Bhaiyya. Ek Cutting. Kadak: Chai Culture At The Indian Workplace

Posted by: Spandana Bandari

Designation: Associate

Date: December 31, 2023

The love for chai is an ever-present reality in India, especially in the workplace. The temperature outside may be 4oC r 45oC but rarely has an Indian shied away from a chai invitation. Every Indian workplace, be it an astir corporate office or a small business, each entity has it’s own chai culture. Employees of all levels engage in a ‘chai ritual’ where they gather at the office pantry or a chai stall (tapri) to have tea. An affordable beverage, all loves chai irrespective of socioeconomic differences.

Tea culture in India can trace its roots back to ancient times, where it began as a potion of herbs and medicinal infusions. Making its debut in Asia around 3000 BC and initially served as an herbal drink, an exclusive beverage for the nobility. Its initial iteration was a combination of spices, with no actual tea leaves involved.

A transformative moment came as tea was discovered (or invented) in China. But it was during the era of British colonial rule that the concept of tea, as we currently understand it, evolved. The British East India Company exploited the natural climate of parts of India to compete with China and developed tea plantations in India. Creating an alternative source to China of the valuable “Chain” tea. . The aromatic and flavoursome chai we enjoy today is the product of a gradual fusion of Indian flavours and spices with the British tea tradition over time. The classic Earl Grey being an excellent example with Bergamot added to the black tea.

The Japanese have their tea ceremony and in an Indian and in a professional setting, the scent of freshly brewed tea plays a similar cultural unifying role. The focus to promote togetherness and provide moments of rejuvenation. It offers a welcome break from work-related pressures, an opportunity to relax, and a means of building meaningful connections with colleagues. During these in India informal interludes, the rigid boundaries of workplace hierarchies fade, creating an open and friendly atmosphere where ideas flow freely, and team cohesion is reinforced.

Presenting a cup of tea or coffee to clients, visitors, or guests is a gesture of hospitality and respect. It reflects the time-honoured Indian tradition of treating guests as esteemed figures, conveying that their presence is highly valued and held in high regard.

In a society where the notion of achieving a balance between work and personal life is evolving, these moments of serenity take on an even greater significance.

Employees eagerly anticipate their daily tea ritual as they sit at their desks and diligently work under stringent deadlines. The interesting thing about routines is that we often perform them without much thought, yet when they are skipped, a sense of vague incompleteness remains. In India, Chai is akin to this phenomenon. Particularly for those office dwellers who are attempting to shake off the drowsiness following a lethargic post-lunch period. Our natural inclination is always to extend the tea break, even if it means enduring the scorching heat, pollution, and noise outside. Nonetheless, no matter how hard we try, the unspoken deadline inevitably arrives, and we make our way back to work.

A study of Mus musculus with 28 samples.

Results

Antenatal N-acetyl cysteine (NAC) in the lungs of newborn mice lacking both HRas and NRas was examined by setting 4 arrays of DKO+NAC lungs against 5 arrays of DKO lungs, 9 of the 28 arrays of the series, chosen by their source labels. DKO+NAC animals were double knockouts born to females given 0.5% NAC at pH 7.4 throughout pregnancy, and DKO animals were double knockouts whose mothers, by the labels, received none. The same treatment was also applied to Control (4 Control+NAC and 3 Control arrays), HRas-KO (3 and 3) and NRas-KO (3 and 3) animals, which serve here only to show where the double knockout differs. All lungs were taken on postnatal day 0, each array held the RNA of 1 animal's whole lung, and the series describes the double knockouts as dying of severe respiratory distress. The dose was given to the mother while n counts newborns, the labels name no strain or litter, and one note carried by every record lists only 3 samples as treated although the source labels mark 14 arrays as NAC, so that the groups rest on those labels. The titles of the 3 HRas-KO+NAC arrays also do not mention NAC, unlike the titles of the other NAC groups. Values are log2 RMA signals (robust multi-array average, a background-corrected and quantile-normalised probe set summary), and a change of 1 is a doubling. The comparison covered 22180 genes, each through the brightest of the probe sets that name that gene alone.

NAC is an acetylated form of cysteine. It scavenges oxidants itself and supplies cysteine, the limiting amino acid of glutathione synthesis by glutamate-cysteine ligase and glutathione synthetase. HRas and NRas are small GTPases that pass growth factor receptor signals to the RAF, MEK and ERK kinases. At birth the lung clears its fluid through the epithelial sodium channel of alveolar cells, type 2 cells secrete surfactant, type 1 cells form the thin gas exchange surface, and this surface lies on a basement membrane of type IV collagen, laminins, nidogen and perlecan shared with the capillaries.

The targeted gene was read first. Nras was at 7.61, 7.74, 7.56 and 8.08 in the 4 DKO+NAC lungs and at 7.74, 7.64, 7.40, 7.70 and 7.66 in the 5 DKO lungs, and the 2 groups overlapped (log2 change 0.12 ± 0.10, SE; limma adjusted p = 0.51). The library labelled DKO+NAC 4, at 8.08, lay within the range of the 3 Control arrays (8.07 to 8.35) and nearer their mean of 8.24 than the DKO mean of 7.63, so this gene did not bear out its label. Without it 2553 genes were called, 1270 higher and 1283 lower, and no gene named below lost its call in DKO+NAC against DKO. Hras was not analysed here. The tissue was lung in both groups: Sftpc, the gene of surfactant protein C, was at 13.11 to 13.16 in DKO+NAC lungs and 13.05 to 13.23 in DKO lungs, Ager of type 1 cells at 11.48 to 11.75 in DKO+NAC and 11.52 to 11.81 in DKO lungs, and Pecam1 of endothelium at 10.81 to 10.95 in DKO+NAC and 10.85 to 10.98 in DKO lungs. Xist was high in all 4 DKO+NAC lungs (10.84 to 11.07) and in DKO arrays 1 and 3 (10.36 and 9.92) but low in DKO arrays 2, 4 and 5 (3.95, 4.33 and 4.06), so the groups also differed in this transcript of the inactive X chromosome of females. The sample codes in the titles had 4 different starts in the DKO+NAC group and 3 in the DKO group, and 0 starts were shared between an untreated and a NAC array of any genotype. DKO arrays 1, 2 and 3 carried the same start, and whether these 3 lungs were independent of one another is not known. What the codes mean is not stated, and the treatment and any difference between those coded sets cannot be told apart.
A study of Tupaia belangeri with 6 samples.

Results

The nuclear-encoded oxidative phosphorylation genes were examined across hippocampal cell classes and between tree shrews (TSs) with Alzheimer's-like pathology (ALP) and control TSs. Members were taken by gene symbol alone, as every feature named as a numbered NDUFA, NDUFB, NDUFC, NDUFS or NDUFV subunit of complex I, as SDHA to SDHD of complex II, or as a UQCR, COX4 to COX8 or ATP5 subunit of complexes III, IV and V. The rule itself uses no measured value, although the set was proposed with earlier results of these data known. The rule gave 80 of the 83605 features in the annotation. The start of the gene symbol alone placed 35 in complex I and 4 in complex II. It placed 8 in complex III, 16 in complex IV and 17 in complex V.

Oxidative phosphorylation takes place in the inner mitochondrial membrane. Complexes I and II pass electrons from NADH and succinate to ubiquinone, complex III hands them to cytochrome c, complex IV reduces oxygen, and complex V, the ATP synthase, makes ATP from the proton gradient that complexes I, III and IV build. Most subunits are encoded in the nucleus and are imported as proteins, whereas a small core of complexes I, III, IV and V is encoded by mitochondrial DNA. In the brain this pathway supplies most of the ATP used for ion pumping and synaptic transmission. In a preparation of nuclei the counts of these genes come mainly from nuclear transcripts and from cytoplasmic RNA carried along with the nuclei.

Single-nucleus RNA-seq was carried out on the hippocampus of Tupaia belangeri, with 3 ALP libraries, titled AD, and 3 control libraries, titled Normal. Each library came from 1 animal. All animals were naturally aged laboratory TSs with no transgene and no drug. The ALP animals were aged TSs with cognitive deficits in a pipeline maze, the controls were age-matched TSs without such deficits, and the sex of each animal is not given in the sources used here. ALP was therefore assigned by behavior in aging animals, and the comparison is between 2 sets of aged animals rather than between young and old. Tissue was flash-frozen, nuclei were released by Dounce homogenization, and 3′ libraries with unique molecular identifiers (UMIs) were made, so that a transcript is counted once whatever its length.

In India’s urban and rural areas alike, you can invariably find Chai wallahs, or tea vendors. These experts skilfully blend tea, milk, and spices in large or medium sized pots, crafting a potion that not only soothes the soul but also invigorates the senses. Chai wallahs transcend their role as mere tea vendors; they are also custodians of tradition and connectors in the bustling urban landscapes.

The masala spices used in our chai have been utilized as remedies in India for centuries. Ingredients like cinnamon, ginger, and cardamom possess natural warming properties that can enhance circulation and offer a sense of comfort on chilly days. These spices are also known to stimulate cognitive function, increasing productivity and creativity.

The caffeine in Chai lingers in your bloodstream long after you have finished your cup, reducing the need for consecutive refills. This translates to less time spent shuttling back and forth to the kitchen and more time to focus on work, enabling you to meet your deadlines.

Regardless of the season, tea remains an enduring tradition in India. It is ideal for the country’s hot climate because sipping piping hot tea triggers the body’s cooling responses, effectively lowering body temperature. Likewise, it provides warmth during the winter months, and no rainy season is complete without this magical brew.

The inclusive nature of Chai culture is epitomized by the ‘Chai adda’, where ideas are shared, relationships are nurtured, and perspectives are broadened.

So, as you sip your next cup of Chai, remember that you are participating in a timeless, universal, and deeply revered tradition that unties more than just India it connects to many other cultures as well.